It’s all fun and games until its not! Working through this process to update our birth center regulations in the state of Colorado has been many things; tedious, inspiring, infuriating, hard-fought. It has also brought together a vibrant community of birth workers and created a network of supporters. Personally, this work has been enlightening on how our systems work and I have gained invaluable knowledge and skills for the future. Working through government systems takes persistence, patience, passion and compassion, clear communication, organized effort and good self care for all involved. Thankfully, the residents of the state of Colorado have a group of dedicated folks who have all of these traits!
In preparation for the February meeting, it seemed likely to be a smooth process. The outlined topics to discuss were basic, non-controversial items such as; Medical Waste, Linen and Laundry and Waste Storage and Disposal. The controversial topics we had, sometimes hotly, debated previously had been settled and agreed upon. We had a perfectly lovely presentation by some CDPHE (Colorado Department of Public Health and Environment) employees about medical waste disposal and proper disposal of pharmaceutical waste. The discussion was moving along nicely and it appeared that we may finish the meeting early, for the first time ever! Then we arrived at the Physical Plant Standards section and the ride became very bumpy. To understand why this caused rancor, we need a short history lesson.
There is an organization of architects, the Facility Guidelines Institute (FGI), who have put forth a set of guidelines on the physical structures of hospitals and outpatient facilities. These have been approved on a national level through the federal government and several states have also adopted these guidelines as well. The Colorado state legislature voted to adopt these guidelines as law in 2010. In these guidelines, there is a chapter dedicated to the regulation of birth centers. You can read a little about the history of FGI here. It appears that the guidelines were written and adopted with very little public input and very little, if any, input from anyone who actually worked at or in a birth center. Some of the guidelines make sense but many of them absolutely do not. Examples include; minimum square feet for birth rooms that is unrealistic and not necessary, hallways wide enough to allow two ambulance gurneys to pass each other, the inclusion of a nursery (this one is really out of line in a birth center setting) and escape windows in each birth room.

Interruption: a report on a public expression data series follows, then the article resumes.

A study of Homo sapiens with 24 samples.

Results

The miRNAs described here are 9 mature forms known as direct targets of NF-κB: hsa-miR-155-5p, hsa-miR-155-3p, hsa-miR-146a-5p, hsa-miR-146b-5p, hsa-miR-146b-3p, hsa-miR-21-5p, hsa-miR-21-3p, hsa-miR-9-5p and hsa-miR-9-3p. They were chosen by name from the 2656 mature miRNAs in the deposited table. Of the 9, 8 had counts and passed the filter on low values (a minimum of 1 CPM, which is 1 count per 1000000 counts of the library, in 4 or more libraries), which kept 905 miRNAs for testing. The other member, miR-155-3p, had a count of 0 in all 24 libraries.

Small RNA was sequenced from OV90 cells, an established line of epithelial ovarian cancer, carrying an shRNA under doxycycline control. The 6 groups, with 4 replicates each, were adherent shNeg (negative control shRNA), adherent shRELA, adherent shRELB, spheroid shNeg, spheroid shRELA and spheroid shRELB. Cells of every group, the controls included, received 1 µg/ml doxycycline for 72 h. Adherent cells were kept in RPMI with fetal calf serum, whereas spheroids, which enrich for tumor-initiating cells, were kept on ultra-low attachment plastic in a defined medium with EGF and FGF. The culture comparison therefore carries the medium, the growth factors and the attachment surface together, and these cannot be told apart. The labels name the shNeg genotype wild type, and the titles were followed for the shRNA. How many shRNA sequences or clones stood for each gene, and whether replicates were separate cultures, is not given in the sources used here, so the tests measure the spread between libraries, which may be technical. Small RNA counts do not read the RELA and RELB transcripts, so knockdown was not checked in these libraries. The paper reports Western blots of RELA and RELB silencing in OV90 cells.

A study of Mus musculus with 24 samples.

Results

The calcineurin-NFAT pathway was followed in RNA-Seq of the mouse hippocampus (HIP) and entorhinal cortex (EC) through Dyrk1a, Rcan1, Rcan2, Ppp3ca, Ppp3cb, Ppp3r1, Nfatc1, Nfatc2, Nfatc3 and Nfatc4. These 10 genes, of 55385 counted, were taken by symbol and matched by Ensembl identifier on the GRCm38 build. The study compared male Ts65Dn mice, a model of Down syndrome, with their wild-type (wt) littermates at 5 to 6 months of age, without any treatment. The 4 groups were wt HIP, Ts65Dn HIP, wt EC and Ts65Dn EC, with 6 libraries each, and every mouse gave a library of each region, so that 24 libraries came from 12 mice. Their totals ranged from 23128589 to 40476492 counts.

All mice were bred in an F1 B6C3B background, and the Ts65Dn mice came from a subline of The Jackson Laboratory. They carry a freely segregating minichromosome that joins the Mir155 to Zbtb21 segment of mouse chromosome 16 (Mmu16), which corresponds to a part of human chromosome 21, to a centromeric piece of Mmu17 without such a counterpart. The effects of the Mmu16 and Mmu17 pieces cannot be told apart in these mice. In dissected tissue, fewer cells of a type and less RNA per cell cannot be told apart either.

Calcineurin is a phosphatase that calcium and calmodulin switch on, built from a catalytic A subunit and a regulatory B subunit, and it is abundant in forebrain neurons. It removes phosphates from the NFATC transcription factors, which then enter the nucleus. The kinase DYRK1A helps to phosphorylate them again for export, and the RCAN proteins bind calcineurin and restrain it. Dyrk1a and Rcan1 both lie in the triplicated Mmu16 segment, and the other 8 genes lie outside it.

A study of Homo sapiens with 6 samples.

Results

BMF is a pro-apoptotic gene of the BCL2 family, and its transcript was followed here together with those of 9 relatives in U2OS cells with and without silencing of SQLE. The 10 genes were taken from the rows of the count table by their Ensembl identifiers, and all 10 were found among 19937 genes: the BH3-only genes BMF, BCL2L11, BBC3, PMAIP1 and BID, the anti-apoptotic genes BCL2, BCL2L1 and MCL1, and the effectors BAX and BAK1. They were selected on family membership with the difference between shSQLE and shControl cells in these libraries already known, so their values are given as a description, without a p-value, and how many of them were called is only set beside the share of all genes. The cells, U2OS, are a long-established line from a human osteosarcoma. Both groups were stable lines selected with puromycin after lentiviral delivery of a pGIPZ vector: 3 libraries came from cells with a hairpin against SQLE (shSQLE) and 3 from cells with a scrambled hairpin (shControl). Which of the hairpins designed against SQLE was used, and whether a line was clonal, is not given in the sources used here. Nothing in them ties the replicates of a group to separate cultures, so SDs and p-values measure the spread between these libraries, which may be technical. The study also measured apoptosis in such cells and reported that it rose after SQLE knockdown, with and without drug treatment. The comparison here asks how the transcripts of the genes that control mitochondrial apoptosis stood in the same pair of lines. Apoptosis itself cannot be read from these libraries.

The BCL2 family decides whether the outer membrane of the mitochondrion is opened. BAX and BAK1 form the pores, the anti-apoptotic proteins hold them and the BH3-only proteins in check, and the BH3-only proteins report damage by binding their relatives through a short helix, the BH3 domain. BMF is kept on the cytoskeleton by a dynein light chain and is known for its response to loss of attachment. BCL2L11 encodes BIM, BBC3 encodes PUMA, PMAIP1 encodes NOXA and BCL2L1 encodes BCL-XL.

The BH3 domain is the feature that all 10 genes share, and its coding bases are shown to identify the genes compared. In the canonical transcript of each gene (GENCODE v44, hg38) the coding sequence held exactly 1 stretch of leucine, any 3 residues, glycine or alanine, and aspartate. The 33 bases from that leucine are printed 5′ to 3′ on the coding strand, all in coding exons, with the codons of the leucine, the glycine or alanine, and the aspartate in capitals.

This is where tensions became inflamed and words became heated. There was intense debate and at one point it appeared that this entire process of regulation updating may be halted all together. Thankfully, cooler heads prevailed and we were able to move through this issue. Unfortunately, CDPHE has very little power to change this requirement as it has been adopted through the state legislature. However, there is a section in the FGI guidelines that appears to allow for exceptions. With this in mind, CDPHE agreed to form a subgroup to evaluate and clarify this potential process for exceptions. Whew! We were then able to move past this important section in a positive manner.
These rules will not affect any currently open birth centers, but and this is a big one, any future birth centers that try to open will potentially have a very difficult time meeting these standards. This is where the work that the Colorado Birth Center Coalition (CBCC) is doing serves the community as a whole and not simply our individual needs. This is why I refer to those of involved as your Warriors, we are fighting for the rights of all CO families to have access to choices in birth!
- Want to get involved? Please contact Elephant Circle
- Important Date to Remember: July 19, 2017 is the day that we will be asking consumers to be present at CDPHE and let their voices be heard! These voices will need to be organized and prepared so if you are willing and able to help, please block off this day and contact Elephant Circle to learn how to become involved in this way.
- Curious about the history of this process? You can read the first post in this series here, the next one here and the third one here.